Universiteit Leiden


Embedding Conquest: Naturalising Muslim Rule in the Early Islamic Empire (600-1000)

What made the early Islamic empire so successful and have we missed the story by neglecting crucial evidence? The 7th-century Arab conquests changed the socio-political configurations in the Mediterranean and Eurasia forever. Yet we do not really know how the Arabs managed to gain dominance of this vast, ethnically, religiously and linguistically diverse area which had its own, long imperial traditions, and to make this a sustainable enterprise. What built the empire, and what held it together?

Duration
2017  -   2021
Contact
Petra Sijpesteijn
Funding
ERC Consolidator Grant ERC Consolidator Grant

Scholarship to date has overwhelmingly relied on ‘literary’ sources in Arabic (e.g. chronicles, legal treatises, theological tracts), composed centuries after the conquests and shaped by court politics at their time of writing. This has created a false impression of the embedding of Muslim rule as a top-down process, directed from the centre, built on military coercion and control through administrative systems. Now, however, ‘documentary’ sources in multiple languages on papyrus, leather and paper from all over the empire (e.g. letters, contracts, fiscal accounts, petitions, decrees, work permits) are becoming increasingly available. These sources, whose impact has been limited by linguistic and disciplinary boundaries, offer a direct, contemporary view of how the empire worked on the ground, and how political and social structures were experienced, modified and appropriated by its subjects.

This project will uniquely incorporate all available documents reflecting Muslim rule from the first 400 years of Islam, to reconstruct the system of social relations that enabled the crucial transition from a conquest society to a political organism that survived the breakdown of central caliphal control, and remains the region’s benchmark model today. It will critically advance our understanding of a world historical event, make a radically new contribution to empire studies, and connect and synergise area studies and disciplinary inquiry.

Documentary sources





"Persia and Babylonia: Creating a New Context for Understanding the Emergence of the First World Empire"

The Persian Empire (539-330 BCE) was the first world empire in history. At its height, it united a territory stretching from present-day India to Libya - and it would take 2,000 years before significantly larger empires emerged in early modern Eurasia. What explains its success? How did the Persians manage to keep their empire together, while earlier states had collapsed? The PERSIA AND BABYLONIA project will introduce a vast new data set and a novel approach in order to answer these questions.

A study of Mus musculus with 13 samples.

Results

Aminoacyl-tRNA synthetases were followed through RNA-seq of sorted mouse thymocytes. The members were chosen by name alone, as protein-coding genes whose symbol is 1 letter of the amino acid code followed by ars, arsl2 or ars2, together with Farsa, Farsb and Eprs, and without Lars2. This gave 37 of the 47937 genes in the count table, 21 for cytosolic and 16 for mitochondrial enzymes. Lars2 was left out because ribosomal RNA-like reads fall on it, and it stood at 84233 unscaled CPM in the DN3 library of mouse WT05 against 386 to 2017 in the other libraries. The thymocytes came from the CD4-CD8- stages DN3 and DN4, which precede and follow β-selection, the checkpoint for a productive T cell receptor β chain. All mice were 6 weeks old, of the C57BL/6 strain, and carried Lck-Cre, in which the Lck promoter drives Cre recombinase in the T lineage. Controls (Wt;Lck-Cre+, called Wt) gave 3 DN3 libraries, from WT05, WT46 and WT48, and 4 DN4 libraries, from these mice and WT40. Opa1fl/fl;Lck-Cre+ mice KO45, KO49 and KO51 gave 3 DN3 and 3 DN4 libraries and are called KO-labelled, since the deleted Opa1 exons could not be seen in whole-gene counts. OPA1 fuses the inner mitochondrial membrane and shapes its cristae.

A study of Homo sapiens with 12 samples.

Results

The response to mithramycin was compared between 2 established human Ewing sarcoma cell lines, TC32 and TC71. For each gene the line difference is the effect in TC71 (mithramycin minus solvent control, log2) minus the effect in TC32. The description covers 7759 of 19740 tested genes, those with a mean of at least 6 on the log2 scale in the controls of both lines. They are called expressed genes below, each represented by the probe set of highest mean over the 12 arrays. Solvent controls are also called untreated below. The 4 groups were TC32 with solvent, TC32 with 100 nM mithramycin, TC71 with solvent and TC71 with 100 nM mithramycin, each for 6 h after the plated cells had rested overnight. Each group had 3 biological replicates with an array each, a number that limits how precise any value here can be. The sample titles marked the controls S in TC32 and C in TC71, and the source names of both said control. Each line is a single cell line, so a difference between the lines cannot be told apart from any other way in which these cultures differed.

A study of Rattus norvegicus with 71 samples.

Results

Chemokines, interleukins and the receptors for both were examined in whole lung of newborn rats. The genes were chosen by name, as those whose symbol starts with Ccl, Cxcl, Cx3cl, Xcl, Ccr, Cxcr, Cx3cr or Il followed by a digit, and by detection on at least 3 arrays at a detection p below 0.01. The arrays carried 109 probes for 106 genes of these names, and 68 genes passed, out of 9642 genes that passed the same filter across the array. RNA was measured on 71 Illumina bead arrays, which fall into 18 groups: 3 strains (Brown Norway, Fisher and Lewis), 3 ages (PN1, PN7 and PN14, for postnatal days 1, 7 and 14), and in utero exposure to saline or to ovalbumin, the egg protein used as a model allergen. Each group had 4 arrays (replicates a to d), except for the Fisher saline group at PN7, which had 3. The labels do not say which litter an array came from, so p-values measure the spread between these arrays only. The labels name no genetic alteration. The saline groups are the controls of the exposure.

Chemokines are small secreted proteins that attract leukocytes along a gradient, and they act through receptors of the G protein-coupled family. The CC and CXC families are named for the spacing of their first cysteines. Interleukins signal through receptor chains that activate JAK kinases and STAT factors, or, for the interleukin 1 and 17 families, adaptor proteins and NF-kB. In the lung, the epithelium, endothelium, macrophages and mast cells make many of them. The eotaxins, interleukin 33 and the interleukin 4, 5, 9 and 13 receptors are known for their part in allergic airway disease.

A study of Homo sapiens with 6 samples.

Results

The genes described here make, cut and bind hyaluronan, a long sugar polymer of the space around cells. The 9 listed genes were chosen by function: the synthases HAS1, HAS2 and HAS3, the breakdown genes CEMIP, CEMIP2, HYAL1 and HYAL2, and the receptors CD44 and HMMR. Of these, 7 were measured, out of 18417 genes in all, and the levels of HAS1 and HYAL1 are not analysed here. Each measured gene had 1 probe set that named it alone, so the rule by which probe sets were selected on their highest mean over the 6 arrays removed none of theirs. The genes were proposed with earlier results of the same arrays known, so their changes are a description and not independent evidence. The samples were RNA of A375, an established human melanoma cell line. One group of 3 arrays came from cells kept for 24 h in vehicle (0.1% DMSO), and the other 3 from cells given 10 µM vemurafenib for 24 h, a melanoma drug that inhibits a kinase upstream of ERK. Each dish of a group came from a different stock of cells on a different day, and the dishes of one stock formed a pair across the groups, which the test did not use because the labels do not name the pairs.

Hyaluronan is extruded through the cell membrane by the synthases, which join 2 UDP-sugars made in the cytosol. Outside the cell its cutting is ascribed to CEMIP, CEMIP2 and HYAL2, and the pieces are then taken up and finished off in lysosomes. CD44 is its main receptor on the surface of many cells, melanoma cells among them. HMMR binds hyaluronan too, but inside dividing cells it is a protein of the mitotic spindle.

More information can be found on the project's website.

"Turks, texts and territory: Imperial ideology and cultural production in Central Eurasia"

The eleventh century marked the emergence of the originally nomadic Turks as a new political elite in the history of Central Asia and the Middle East. Under their powerful patronage a new political culture arose in the Islamic world, inspired by an imperial rather than an exclusively Islamic outlook. This shift brought Persian into the limelight as a new cosmopolitan and imperial language across Central Asia, North India, Turkey and Iran. Until a few decades ago, the received view was that the Turks, as nomadic rulers with a military background, needed Iranian bureaucrats to effectuate their rule over sedentary societies, and hence sedentarized themselves and adopted Persian culture in a one-way acculturation process. Though this view has been challenged in recent years, the idea of a dichotomy between the nomadic, uncivilised Turk, representing the "sword", and the sedentary, civilised Iranian, representing the "pen", persists in academic debate. Turks, texts and territory aims to further challenge this binary view by bringing in the vast but understudied resource of cultural production, approached as an integrated phenomenon, across media, languages and genres.

The spatial framework will be provided by five representative Silk Road cities, situated at present in different nation states: Kashgar, Samarkand, Ghazna, Tabriz and Konya. As capitals and nodal points of five medieval Turko-Persian empires, each of these cities represents a particular stage in the development of imperial ideology and its expression by means of literary and artistic production, as preserved in various examples of cultural heritage, cherished today as symbols of national identity. The aim of this project is to map the interaction between imperial ideology and literary and artistic production in a diachronic and synchronic perspective and to contextualize policies of heritage in the modern nation states which emerged from the premodern Turko-Persian world.

More information can be found on the project's website.

"Mobility, Empire and Cross Cultural Contacts in Mongol Eurasia"

The project seeks to explain why, how, when and to where people, ideas and artifacts moved in Mongol Eurasia, and what were the outcomes of these huge movements. Studying the Mongol Empire in its full Eurasian context, the project combines a world history perspective with close reading in a huge array of primary sources in various languages (mainly Persian, Arabic and Chinese) and different historiographical traditions, and classifies the acquired information into a sophisticated prosopographical database, which records the individuals acting under Mongol rule in the 13th and 14th centuries. On the basis of this unique corpus, the project maps and analyzes mobility patterns, and the far-reaching effects that this mobility generated.

More information can be found on the project's website.

For more information, please contact emco@hum.leidenuniv.nl.